Imagining Afghanistan: The History and Politics of Imperial Knowledge

By Nivi Manchanda
Cambridge University Press, 2020

Since 2001 especially, Afghanistan has been turned into a laboratory for 21st-century intervention and its application of power. The study of Afghanistan has vastly expanded and it has been the subject of policy articulation and has populated publishers’ catalogues and university curricula. Afghanistan exists in public debate, in the entertainment industry and museums, and has been thought about a lot, and an ‘idea’ of Afghanistan has taken shape in the Western mind. ‘Imagining Afghanistan’ engages with this idea through a rich assembly of materials relating to the work of past and present knowledge practitioners, including academics, political analysts and policy-makers. “The scientist, the scholar, the missionary, the trader, or the soldier [who] was in or thought about, the Orient because he could be there, or could think about it, with very little resistance on the Orient’s part,” in Edward Said’s terms.
The book spans the history of modern Afghanistan from the early 19th CE, when the country was emerging into the consciousness of British empire builders, to the present. It is a prison-break that releases colonialism’s categories and ideas from their (wrongful) captivity in history for them to find their intimate place in the community of Western knowledge on Afghanistan.
At its core, Imagining Afghanistan engages with “the hegemonic discourse and its totalizing ambitions” about the histories of the Afghan state and its peoples. Woven into the book’s argument are three intersecting threads; to begin with, Afghanistan represents “an intrinsically violent place” in the imagination of the transatlantic Anglosphere, but ‘our’ “politics of disavowal” maintain that ‘we have nothing to do with it. Secondly, a rich “grammar of difference” segregates ‘us’ and the ‘West’ from ‘them’ and ‘Afghanistan’. Lastly, this discourse is marked by a “superficial” engagement with Afghanistan’s history and politics, particularly so in times of conflict. This, to bring the argument full circle, reaffirms Afghanistan’s place in a geopolitical hierarchy whose structure enables and sanctions intervention.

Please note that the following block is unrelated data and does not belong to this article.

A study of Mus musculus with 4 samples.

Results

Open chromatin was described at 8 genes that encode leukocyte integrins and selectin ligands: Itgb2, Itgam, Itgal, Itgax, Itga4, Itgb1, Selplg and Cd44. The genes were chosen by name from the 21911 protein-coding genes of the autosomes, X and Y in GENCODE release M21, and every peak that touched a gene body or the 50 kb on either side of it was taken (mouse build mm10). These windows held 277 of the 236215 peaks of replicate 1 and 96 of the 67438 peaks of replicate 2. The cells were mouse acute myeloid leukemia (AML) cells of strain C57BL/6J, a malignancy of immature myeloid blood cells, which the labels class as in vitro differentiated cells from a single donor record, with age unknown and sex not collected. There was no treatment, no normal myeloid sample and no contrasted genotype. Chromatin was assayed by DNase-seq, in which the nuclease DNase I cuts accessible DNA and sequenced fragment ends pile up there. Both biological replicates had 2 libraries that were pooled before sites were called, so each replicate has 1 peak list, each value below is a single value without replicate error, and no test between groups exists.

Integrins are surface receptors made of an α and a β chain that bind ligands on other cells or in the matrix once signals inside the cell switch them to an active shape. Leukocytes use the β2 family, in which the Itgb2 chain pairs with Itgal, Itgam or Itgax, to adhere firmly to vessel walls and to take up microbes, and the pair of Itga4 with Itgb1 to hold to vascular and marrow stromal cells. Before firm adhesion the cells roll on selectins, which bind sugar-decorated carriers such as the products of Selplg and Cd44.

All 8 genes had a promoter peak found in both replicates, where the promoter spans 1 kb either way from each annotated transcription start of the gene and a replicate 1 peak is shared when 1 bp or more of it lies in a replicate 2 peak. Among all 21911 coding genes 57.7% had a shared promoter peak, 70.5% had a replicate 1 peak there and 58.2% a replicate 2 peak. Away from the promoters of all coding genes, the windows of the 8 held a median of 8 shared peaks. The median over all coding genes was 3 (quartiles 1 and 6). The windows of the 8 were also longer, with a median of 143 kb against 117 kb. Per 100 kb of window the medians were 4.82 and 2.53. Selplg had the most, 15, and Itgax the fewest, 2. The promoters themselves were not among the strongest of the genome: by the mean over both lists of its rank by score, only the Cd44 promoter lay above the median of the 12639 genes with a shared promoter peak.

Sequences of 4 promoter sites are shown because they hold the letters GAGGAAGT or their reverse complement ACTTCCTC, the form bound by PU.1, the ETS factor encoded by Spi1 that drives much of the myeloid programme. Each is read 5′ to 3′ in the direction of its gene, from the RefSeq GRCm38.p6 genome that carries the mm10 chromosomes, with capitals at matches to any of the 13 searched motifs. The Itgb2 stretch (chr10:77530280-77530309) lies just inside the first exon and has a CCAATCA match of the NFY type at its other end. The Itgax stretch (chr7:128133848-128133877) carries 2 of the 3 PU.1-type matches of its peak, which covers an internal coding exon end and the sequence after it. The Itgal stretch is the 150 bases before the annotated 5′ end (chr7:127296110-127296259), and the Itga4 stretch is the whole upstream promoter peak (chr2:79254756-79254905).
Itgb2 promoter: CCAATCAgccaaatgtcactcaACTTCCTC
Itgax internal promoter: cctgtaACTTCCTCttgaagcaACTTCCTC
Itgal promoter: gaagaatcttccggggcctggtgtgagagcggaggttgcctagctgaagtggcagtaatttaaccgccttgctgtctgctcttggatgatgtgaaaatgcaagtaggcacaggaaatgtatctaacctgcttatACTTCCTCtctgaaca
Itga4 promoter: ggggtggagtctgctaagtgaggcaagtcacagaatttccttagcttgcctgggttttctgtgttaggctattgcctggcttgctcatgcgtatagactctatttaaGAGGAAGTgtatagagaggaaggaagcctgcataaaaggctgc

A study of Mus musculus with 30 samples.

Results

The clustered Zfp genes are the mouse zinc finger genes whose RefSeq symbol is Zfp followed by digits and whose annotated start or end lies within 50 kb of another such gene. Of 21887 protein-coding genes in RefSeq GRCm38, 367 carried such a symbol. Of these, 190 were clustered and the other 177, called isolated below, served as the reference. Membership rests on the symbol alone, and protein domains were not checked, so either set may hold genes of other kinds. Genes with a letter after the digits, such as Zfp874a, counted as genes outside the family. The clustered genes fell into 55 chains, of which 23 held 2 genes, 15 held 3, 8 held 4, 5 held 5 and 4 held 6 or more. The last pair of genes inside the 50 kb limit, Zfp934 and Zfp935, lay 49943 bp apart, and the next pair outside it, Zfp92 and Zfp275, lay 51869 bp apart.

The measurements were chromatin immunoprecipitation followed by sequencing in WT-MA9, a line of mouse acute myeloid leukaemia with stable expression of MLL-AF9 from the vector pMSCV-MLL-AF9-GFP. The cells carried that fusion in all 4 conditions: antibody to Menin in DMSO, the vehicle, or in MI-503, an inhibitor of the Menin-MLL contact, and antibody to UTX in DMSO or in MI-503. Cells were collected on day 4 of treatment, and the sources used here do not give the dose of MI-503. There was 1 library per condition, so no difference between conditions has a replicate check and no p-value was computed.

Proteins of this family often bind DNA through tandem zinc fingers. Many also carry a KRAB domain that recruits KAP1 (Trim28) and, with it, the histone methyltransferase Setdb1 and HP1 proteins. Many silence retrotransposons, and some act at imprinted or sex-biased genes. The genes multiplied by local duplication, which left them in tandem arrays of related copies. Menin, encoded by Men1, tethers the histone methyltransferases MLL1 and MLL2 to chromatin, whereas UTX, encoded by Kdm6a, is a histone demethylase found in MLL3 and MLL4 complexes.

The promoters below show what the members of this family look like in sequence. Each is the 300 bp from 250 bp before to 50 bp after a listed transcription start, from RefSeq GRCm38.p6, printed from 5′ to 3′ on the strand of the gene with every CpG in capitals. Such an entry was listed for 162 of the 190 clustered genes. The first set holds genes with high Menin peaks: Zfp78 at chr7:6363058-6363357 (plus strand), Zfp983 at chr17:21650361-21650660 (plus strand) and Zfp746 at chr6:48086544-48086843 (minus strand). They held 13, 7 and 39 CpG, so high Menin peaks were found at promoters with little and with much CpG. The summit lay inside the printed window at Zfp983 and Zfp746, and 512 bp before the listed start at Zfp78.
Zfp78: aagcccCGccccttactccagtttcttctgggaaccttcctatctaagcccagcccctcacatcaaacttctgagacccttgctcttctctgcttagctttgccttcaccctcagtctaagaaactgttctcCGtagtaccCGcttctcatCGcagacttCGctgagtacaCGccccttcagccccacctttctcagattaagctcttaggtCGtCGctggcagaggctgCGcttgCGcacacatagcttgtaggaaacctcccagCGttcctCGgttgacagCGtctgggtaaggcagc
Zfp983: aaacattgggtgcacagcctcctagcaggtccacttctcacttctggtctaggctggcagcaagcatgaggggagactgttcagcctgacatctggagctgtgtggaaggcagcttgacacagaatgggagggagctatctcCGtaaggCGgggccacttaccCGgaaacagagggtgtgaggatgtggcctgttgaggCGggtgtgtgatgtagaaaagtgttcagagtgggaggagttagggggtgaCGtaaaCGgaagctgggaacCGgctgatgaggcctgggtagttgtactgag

The book is an example of “insurgent scholarship”, and an illustration of the need for the continuing decolonization of imperial/colonial knowledge as a continuous act of resistance in our very own age of imperialism. Imagining Afghanistan shows the pathways in which the idea and “story” of Afghanistan have come about and taken root.
The book stands on the shoulders of studies that have crossed (and continue to eradicate) the (artificial) disciplinary boundaries between history and international relations in an attempt to make visible the colonial legacies in their combined knowledge systems.
Imagining Afghanistan focuses on the intellectual cornerstones of historical knowledge production, and how these were, (and continue to be) recycled and cultivated for application in instances of imperialism, racism and war in the present. The analysis draws out the (at best) “lazy” and (at worst) “mercenary” scholarship that has contributed to the reification of Afghanistan as a violent place and failed state allegedly riddled with tribal customs – in short, the scholarship that assists in turning ‘inferior’ Afghanistan into a legitimate object of ‘superior’ Western intervention. As such, Imagining Afghanistan is a “decolonising intervention” as well as an exercise in auto-decolonisation prompting knowledge practitioners in the humanities and social sciences to “unlearn the colonising impulses of knowledge production in the Western academy”.
Also, the book has an important message to all knowledge-practitioners: we cannot escape the past, but we are obliged to change the way we think about its knowledge systems. True to its thought framework, Imagining Afghanistan is explicit about its engagement with ‘story-telling and ‘sense-making. It firmly incorporates the dialogic making of modern empire and ‘frontiers’, centre and ‘periphery’ into its larger make-up.
This book makes for essential reading for every knowledge-practitioner, and particularly those studying or ‘working on’ Afghanistan because we have the power to construct ideas and narrate stories that are acted upon; we also have a responsibility to recognise the coloniality of our knowledge as the basis for its sustained deconstruction in the first place. We can level the power of imperial knowledge by critiquing one colonially woven idea at a time. That process demands acts of auto-decolonisation from all of us if we want to avoid forms of complicity, conscious or otherwise, in physical or epistemological acts of imperial violence.